Why Has Nobody Told Me This Before?

Why Has Nobody Told Me This Before?

Genre: Self-Help

"Why Has Nobody Told Me This Before?", written by Dr. Julie Smith, is a mental health toolbox that can be used to navigate the ups and downs of life. Dr. Julie draws on her clinical experiences, evidence-based research, and some of her own experiences to explain how you can influence and nurture good mental health.

This book is divided into eight different sections on mood, motivation, emotional pain, grief, self-doubt, fear, stress, and meaningful life. Each section consists of digestible nuggets of information for readers, chunked into short chapters with a summary at the end. There is no particular order to this book, so you can start with any section that resonates with you or that you want to learn more about. As it is meant to be a toolbox, several tools are available throughout the book that invokes reflection and introspection, which is very helpful.

The following are the most impactful things I have gotten out of this book:

Thoughts are not facts. They are suggestions offered up to us by the brain to help us make sense of the world.
Emotions are not facts but are one possible perspective You are not your feelings, and your feelings are not who you are.

The breakdown and explanation of how our brain works have broadened my understanding of my thoughts and emotions. I feel that I am more able to see my thoughts and emotions as experiences at a point in time rather than my entire self. As suggested in the book, I think I have been able to be more of an observer of my thoughts and emotions and have been able to sit with them, reflect on them, and get over them more easily.

Courage comes before confidence.

I think this may have been my mantra as I prepared for my presentation at a national conference. It helped me give myself a pat on the back because what I was doing was out of my comfort zone, and it did take a lot of courage. Simply remembering this mantra gave me so much self-acceptance and self-compassion, even when I did not feel fully confident.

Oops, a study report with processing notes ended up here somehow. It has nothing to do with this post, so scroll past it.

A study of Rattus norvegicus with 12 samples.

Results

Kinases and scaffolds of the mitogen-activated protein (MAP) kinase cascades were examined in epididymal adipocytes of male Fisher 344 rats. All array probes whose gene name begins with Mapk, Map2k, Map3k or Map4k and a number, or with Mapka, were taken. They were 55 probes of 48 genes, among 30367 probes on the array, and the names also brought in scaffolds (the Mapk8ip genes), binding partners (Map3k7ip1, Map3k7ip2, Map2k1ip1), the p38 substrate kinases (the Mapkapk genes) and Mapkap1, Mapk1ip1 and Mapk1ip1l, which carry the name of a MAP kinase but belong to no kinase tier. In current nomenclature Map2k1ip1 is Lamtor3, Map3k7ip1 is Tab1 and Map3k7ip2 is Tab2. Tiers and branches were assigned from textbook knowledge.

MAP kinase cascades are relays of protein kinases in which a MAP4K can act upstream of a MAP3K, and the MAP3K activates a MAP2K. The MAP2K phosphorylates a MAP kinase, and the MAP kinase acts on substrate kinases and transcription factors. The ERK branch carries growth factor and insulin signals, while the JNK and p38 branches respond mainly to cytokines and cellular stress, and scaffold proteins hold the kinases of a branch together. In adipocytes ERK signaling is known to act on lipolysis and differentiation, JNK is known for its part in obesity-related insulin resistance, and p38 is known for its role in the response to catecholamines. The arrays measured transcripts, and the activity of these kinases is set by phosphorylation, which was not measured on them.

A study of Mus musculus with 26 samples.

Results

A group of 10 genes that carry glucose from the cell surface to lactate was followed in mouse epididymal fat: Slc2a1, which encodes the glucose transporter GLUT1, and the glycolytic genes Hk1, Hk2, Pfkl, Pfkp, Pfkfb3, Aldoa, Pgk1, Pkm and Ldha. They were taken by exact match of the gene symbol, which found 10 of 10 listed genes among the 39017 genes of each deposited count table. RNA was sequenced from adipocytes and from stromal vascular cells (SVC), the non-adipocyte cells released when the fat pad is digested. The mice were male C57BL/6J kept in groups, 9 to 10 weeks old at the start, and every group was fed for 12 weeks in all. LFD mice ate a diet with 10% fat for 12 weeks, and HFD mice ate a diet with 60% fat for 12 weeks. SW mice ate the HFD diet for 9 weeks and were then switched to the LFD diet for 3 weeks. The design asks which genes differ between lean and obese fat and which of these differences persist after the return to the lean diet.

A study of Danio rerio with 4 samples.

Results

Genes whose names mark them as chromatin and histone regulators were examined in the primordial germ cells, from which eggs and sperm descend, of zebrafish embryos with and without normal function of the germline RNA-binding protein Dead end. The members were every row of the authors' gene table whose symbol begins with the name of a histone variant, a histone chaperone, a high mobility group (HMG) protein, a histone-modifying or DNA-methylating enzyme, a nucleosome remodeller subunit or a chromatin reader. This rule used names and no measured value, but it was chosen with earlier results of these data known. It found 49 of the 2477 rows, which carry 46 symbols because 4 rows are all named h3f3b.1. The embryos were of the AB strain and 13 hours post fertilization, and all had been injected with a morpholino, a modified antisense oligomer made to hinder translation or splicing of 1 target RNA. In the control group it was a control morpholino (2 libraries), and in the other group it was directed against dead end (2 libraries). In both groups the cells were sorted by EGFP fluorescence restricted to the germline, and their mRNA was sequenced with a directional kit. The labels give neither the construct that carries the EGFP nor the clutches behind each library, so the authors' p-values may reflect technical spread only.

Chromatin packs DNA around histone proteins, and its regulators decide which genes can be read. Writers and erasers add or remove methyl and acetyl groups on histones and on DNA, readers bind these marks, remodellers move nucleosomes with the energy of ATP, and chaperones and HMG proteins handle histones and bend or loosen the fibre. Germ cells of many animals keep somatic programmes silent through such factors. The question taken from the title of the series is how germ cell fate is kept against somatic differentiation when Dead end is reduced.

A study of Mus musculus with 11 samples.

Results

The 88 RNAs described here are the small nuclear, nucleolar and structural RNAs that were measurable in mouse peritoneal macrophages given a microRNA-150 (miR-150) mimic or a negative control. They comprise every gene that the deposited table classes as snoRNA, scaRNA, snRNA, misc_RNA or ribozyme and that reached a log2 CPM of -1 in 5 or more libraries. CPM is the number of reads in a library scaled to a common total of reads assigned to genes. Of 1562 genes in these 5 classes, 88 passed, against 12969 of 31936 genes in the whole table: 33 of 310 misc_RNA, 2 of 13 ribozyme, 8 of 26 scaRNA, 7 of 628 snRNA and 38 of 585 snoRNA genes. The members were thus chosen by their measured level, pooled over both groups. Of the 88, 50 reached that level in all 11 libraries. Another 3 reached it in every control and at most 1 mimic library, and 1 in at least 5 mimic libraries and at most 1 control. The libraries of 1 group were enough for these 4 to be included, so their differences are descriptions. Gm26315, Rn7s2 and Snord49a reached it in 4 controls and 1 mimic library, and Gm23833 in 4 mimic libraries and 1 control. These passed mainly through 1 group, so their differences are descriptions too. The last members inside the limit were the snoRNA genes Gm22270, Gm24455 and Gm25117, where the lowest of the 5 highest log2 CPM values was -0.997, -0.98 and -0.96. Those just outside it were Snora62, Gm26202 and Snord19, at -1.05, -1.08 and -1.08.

Your brain learns like a scientist. Each time it has an experience, positive or negative, it clocks that as evidence for its beliefs. If you avoid the thing you fear, you never give yourself the chance to build up evidence in your mind that you can get through it and survive. Just telling your brain that something is safe is not enough. You must experience it. Your brain will take some convincing, so you need to repeat that behavior over and over. As many times as it takes. The things you do most of the time become your comfort zone. So, if you want to feel less anxious about something, do it as openly as you can. Use the skills to help you sit with the anxiety and it will reduce over time.

In addition to the mantra “Courage comes before confidence’, this explanation of how our brain works did give me so many perspectives on my fear of public speaking and rationale on why I should keep trying to get out of my comfort zone if I would like to getter better at it.

Looking back at this book retrospectively, I realized that I gained a lot more insights than I had anticipated. Although several other things have impacted me, I will let you all explore this book for yourself and develop your own opinions about it.

This book does reiterate several things that are common in every other self-help book, such as practicing gratitude, forming habits, mindfulness, recognizing your values, etc.  You may find these topics repeated throughout the book. Although these were not entirely new concepts for me, I still found a lot of value in the repetition because it served as a reminder for me to continue practicing them. The evidence-based citations further solidified that these are proven methods and are beneficial for me (and everyone) to pursue these practices for better mental health.